There had been lots of gay clubs before La Chic, but this was the first club in the UK that actually said "We are a club for gay men and lesbians" - this was part of their licence. No wonder it made headlines in the Nottingham Evening Post and produced much correspondence in the letters column predicting the end of civilisation as we know it. To read some of those letters click HERE
The world did not end.
Did we really look like that in 1973?
In 1977 La Chic held a benefit to support Gay News, which was being prosecuted by Mary Whitehouse. The following day La Chic closed, Gay News never received the benefit money.
The Evening Post got it wrong. Geoff Vickers was a "front man", but not the owner. People with a financial stake in La Chic included John Glover, John Greenaway and Brian Mowbray.
For many, the highlight of 1981 was the opening of Part Two club. The name originates in the fact that it took over the building previously occupied by La Chic club. The new club was large, with three bars, dance floor, restaurant and “quiet” area and was fitted out to a high standard.
Amongst the memorable events there was a mud wrestling night and an Easter Hot Cross Buns competition. The contestants - hidden on the far side of a screen - pulled their pants down and had their assets graded as they poked through the screen. Over a 4 year period 42 loo seats were stolen - all from the Ladies loos. Apparently, they were passed through the toilet windows and treasured as souvenirs.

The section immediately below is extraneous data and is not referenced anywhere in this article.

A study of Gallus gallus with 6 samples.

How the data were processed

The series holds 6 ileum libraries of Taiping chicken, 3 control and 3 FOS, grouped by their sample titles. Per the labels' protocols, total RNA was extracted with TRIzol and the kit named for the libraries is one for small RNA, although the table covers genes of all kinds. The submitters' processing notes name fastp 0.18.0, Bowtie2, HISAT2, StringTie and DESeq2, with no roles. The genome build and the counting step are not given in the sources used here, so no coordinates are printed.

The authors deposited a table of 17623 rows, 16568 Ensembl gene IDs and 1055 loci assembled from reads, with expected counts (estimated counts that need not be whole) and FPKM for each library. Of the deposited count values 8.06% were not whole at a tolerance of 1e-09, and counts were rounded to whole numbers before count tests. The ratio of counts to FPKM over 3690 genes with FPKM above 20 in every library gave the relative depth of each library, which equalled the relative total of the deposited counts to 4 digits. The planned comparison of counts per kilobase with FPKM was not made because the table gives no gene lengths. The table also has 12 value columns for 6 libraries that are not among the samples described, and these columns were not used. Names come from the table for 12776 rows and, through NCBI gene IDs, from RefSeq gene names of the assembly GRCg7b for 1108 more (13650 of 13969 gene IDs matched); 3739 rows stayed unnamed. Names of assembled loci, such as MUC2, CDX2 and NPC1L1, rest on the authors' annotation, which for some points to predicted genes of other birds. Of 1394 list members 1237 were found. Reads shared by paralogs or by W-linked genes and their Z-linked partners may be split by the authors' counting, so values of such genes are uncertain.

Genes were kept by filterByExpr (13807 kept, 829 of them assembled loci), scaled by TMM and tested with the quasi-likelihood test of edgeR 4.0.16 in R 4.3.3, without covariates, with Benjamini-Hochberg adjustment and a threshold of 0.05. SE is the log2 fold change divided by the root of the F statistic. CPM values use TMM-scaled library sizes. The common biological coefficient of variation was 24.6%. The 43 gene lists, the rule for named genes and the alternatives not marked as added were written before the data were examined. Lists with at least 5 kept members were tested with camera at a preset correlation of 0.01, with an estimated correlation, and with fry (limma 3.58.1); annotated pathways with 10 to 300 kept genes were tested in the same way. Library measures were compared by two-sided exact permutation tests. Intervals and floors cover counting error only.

Part Two had many famous guests - some were there as performers and some simply came along to have a good night out. They included:
Olympic gold medallist John Curry and footballer Justin Fashanu, who was reprimanded by Brian Clough for going to “that bloody poofs club”. There was Eartha Kitt who arrived at Nottingham Station (extremely drunk) dragging a mink coat across the platform. She insisted on being driven around Nottingham in a Rolls Royce.
Unlike previous Nottingham clubs, Part Two had a very visible front man in the entertaining form of Ross Smith. For its first two years a good argument could be made for saying that Part Two was the best gay club in the UK. Click HERE to hear Ross Smith talking on Radio Trent about why Part Two should be "all gay".
Nottingham Switchboard was assisted by involvement with Part Two. They understood that the information that Switchboard gave out would inevitably lead many of their callers to visit the club. Mutual self interest was therefore served by them helping Switchboard to maintain its service by selling copies of Gay News and giving the money to Switchboard, though this notion was not recognised by some other venues.